Protests against the Citizenship (Amendment) Act, the National Register of Citizens and the National Population Register have been cropping up in Karnataka, even outside the state capital of Bengaluru. Since mid December 2019, there have been protests in the central and northern parts of the state, in areas such as Hubli, Shivamogga, Sagar, Bagalkot and Bhatkal.
Kalaburagi, known as Gulbarga until 2014, in northern Karnataka has seen several protests too—women’s protests, large rallies backed by political parties, human chains and also smaller gatherings on college campuses. Last month, when section 144 was imposed in the city, people descended upon on the streets in defiance. A resident of the city told me, “It feels like there hasn’t been a day without a hunger strike, satyagraha or people’s protest happening.”
On 19 January 2020, the United Brotherhood—an umbrella of student organisations in Kalaburagi—organised a student convention against the CAA, the NRC and the NPR. The protest was held in the grounds outside the National Girls College. A large tent covered the area in front of the stage, with one section to a side walled off for women.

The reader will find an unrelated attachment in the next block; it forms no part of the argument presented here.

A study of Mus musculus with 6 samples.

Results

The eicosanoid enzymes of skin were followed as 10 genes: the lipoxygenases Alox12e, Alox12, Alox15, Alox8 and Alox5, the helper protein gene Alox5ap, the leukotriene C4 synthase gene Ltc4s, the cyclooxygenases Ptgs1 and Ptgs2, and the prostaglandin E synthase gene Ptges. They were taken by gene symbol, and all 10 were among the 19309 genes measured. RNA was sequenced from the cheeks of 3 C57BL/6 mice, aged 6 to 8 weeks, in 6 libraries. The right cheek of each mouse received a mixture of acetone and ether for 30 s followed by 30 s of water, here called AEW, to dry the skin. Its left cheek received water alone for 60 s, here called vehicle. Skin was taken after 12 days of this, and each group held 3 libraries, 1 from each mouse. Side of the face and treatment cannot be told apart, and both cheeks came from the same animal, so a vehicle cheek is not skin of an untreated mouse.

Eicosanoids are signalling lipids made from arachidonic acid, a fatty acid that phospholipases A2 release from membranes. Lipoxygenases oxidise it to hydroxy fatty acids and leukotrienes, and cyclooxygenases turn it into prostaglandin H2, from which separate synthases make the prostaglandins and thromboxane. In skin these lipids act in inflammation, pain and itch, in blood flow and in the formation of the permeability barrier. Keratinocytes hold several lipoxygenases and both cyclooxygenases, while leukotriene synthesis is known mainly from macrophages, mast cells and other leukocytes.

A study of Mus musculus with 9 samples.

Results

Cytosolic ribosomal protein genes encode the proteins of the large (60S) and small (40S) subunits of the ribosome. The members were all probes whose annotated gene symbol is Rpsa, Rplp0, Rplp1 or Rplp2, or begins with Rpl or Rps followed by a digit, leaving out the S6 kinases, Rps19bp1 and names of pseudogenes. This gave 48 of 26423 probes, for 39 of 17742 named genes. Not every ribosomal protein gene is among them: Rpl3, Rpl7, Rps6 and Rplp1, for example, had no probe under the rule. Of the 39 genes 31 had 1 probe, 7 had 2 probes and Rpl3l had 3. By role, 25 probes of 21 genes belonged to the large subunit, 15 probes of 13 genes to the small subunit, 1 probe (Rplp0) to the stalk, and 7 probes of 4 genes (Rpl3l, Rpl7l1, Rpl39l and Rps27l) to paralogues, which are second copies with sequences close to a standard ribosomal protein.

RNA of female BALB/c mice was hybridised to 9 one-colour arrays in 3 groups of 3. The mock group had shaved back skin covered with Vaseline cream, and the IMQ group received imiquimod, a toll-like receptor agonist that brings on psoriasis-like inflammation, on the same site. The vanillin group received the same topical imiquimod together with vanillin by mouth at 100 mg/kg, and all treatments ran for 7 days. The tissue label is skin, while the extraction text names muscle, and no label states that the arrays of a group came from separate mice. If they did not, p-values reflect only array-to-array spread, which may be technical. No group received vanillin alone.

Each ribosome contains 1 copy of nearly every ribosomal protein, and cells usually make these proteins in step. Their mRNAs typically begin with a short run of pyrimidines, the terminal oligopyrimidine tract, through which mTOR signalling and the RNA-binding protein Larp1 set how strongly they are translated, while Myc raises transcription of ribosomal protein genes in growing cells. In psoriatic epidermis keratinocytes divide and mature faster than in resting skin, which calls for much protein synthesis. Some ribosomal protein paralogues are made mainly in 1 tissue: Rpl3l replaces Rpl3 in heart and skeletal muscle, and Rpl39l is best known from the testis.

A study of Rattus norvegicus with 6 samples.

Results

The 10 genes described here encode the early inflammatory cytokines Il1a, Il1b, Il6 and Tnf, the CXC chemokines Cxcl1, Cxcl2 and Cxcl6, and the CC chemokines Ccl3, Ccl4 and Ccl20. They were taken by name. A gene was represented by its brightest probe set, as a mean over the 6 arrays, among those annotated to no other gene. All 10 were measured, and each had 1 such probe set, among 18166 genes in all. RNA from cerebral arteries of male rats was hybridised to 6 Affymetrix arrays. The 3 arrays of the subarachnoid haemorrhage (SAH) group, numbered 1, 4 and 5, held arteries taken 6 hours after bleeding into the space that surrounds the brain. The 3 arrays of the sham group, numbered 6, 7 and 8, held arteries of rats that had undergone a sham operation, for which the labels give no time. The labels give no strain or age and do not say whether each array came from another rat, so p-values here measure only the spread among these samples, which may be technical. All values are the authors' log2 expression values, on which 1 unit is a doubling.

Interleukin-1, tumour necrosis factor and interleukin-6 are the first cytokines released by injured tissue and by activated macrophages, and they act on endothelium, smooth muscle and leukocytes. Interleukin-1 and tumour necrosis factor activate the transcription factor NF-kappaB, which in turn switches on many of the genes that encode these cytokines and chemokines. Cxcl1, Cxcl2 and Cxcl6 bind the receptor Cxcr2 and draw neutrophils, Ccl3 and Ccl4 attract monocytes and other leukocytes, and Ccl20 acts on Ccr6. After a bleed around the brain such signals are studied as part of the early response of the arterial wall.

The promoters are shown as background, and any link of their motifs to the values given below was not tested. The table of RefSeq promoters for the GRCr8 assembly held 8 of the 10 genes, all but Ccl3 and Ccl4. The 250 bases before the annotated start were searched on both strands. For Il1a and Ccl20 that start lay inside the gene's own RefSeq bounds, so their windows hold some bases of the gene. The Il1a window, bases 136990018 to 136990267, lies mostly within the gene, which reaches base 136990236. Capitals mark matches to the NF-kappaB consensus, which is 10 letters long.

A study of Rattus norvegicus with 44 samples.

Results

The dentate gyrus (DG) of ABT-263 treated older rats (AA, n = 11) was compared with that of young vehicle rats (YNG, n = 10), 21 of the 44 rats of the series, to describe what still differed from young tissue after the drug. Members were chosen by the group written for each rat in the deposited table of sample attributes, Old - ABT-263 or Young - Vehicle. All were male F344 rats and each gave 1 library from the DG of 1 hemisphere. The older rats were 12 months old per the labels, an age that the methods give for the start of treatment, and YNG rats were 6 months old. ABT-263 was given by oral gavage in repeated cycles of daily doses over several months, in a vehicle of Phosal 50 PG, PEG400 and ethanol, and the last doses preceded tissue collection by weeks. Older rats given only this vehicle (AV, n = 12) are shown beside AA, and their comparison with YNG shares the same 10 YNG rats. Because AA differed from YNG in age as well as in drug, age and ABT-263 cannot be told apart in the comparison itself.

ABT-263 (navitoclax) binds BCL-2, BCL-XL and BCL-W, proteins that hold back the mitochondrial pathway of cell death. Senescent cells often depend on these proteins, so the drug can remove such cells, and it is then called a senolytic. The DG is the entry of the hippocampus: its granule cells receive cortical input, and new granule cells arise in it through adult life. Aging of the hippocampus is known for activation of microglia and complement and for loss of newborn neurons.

Speeches, poetry readings, qawwali, a screening of explainer videos and dramatised debates about the CAA and the NRC, were on the program itinerary. Speakers from institutions such as the Jawaharlal Nehru University, the Aligarh Muslim University and Jamia Millia Islamia had been invited to address the crowd, along with local teachers student activists and an ex-army official from the Muslim community. Many students and recent graduates I spoke to seemed to have different reasons for being at the protest, though they were united in their belief that it was important for students across the country to come out on the streets at this time.
Syed Aleem Ilahi, a student of Indian political studies at Bangalore University, chose to return to his hometown to help organise the convention. “We are in such a situation today,” he said, “that if we don’t speak now, we will be finished.” Ilahi felt that it is important to educate students outside the big cities about the growing protests around the country. “Gulbarga is an education hub,” he said. “We have students from all over the country here. But while there have been many rallies, they aren’t educating us students about what is CAA, what is NRC.”